News / Middle East

Not All Iranians Pleased by Rouhani-Obama Contact

Iranian President Hassan Rouhani, center, walks with and Vice President Eshagh Jahangiri, center left, at Mehrabad airport in Tehran, Iran, Sept. 28, 2013.
Iranian President Hassan Rouhani, center, walks with and Vice President Eshagh Jahangiri, center left, at Mehrabad airport in Tehran, Iran, Sept. 28, 2013.
VOA News
Hundreds of Iranians have turned out to welcome President Hassan Rouhani home following his historic telephone conversation with U.S. President Barack Obama.

But Iranian news reports say a smaller group of hardliners shouted "death to America" and some threw objects, including a shoe, at the Iranian president's motorcade as he left Tehran airport Saturday.

Rouhani was returning from his trip to New York, where he attended the annual opening session of the U.N. General Assembly.

Before leaving the U.S. Friday, Rouhani and Obama spoke by phone for 15 minutes. It was the first direct contact between the presidents of Iran and the United States in almost 35 years, and some see this as a signal that the long-standing diplomatic freeze between the two countries could be easing, or even nearing an end.

Iran and the United States broke off relations following the Islamic revolution in 1979 that ended Iran's monarchy, and the subsequent action by Iranian protesters who seized the U.S. embassy and held a large number of U.S. citizens hostage for more than a year.

Rouhani's English-language Twitter account first announced the news of the historic conversation.

President Obama said they discussed "ongoing efforts" to reach an agreement on Iran's nuclear program.

Iran's state-run IRNA news agency says U.S. officials in New York presented Rouhani with a ceremonial drinking vessel that dates back to the 7th century B.C., as a "token of goodwill."

Speaking about his talk with the Iranian president, Mr. Obama said lazte Friday that he believes the two countries can reach a comprehensive solution over Iran's nuclear program, and that even the fact of their relatively brief conversation by telephone shows the possibility of relations moving forward.

Iran has long insisted its nuclear program is peaceful. The U.S. and many of its allies disagree, and have helped impose several rounds of sanctions that have battered Iran's economy.

The Iranian leader said his election in June helped pave the way for better relations between Iran and the West.

October 01, 2013 12:29 AM
The talks were a mistake. The Iranian regime cannot and should not be trusted. 34 years, of torture, rape, murder, pillage of Iran and Iranians not to mention the hundreds of thousands dead and missing and more importantly (yes more important) the Americans killed and taken hostage should be a lesson to us in America that this is an evil regime and cannot be trusted. There are only two ways to remove this menace from the world. By force (my preference) of by the Iranians themselves. The latter method will leave behind millions dead, as this regime will not leave as peacefully and humanely as the Shah did. they have been trained and indoctrinated by Islam to kill and destroy rather than give in. So the solution is simple.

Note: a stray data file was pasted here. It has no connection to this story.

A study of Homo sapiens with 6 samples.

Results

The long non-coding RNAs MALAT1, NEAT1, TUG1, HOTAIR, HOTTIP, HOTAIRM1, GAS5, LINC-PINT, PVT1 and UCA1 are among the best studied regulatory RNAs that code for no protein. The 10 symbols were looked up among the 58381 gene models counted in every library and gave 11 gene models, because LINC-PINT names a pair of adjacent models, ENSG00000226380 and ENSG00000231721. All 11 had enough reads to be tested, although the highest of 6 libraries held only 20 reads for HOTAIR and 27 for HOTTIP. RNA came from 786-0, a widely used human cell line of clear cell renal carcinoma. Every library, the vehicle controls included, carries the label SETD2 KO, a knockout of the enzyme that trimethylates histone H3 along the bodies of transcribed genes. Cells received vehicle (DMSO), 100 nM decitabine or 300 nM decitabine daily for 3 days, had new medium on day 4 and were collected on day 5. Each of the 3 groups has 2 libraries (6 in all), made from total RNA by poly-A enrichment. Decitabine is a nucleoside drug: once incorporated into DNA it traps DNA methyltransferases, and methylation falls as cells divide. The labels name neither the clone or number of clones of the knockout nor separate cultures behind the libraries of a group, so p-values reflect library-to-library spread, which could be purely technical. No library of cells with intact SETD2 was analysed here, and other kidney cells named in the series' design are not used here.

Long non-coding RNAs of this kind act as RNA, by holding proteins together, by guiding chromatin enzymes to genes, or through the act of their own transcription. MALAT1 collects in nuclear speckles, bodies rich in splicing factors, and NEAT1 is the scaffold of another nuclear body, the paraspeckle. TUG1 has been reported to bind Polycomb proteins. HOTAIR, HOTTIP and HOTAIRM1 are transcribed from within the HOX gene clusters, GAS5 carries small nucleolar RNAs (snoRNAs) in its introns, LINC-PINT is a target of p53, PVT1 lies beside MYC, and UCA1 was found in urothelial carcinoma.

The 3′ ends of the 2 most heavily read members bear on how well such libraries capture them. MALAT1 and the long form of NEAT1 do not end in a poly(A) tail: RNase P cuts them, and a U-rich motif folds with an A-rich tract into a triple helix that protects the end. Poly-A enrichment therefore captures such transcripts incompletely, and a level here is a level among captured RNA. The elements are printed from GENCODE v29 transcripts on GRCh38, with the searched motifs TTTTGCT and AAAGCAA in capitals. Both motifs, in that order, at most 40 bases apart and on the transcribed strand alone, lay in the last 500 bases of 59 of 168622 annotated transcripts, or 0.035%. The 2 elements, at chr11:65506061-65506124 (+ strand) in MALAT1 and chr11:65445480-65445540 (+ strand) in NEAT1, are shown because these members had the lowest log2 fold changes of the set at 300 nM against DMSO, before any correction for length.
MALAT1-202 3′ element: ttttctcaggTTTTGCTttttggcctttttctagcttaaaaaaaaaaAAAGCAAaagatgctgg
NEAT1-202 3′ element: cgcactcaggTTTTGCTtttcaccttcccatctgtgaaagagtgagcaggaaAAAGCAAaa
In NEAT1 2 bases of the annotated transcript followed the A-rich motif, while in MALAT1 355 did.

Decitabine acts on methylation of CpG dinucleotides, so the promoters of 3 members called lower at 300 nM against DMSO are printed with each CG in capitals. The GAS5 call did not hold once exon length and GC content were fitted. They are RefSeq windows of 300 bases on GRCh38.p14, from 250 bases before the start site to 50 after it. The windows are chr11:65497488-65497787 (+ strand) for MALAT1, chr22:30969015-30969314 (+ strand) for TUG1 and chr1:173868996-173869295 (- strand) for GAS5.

by: hojat ahmadian from: iran
September 29, 2013 10:23 AM
We (Iranian peoples) are not enemies of America. Actually, we love american. it seems, The alliance of Iran and America will lead to the formation of a great power. Greetings to Iran + America. Viva Hassan Rohani, viva Barack Obama.......


by: Tony Bellchambers from: London
September 28, 2013 10:44 PM
Whatever happens in the negotiations with Iran, we are still left with a maverick nuclear state on the Eastern Mediterranean whose own nuclear capacity has to be neutralised. That can only be achieved by economic sanctions in the form of withdrawal of trading rights until such time as Netanyahu or his successor agrees to a Nuclear Weapons Free Middle East. That must and will happen – sooner or later.

The international community cannot be held to ransom for much longer by the stratagem of ‘nuclear ambiguity’ that has so contaminated the political scene for the past fifty years since JFK’s untimely passing. The paradigm shift has been a long time coming but the suspicion that Netanyahu now elicits is proof of a sea change in international opinion.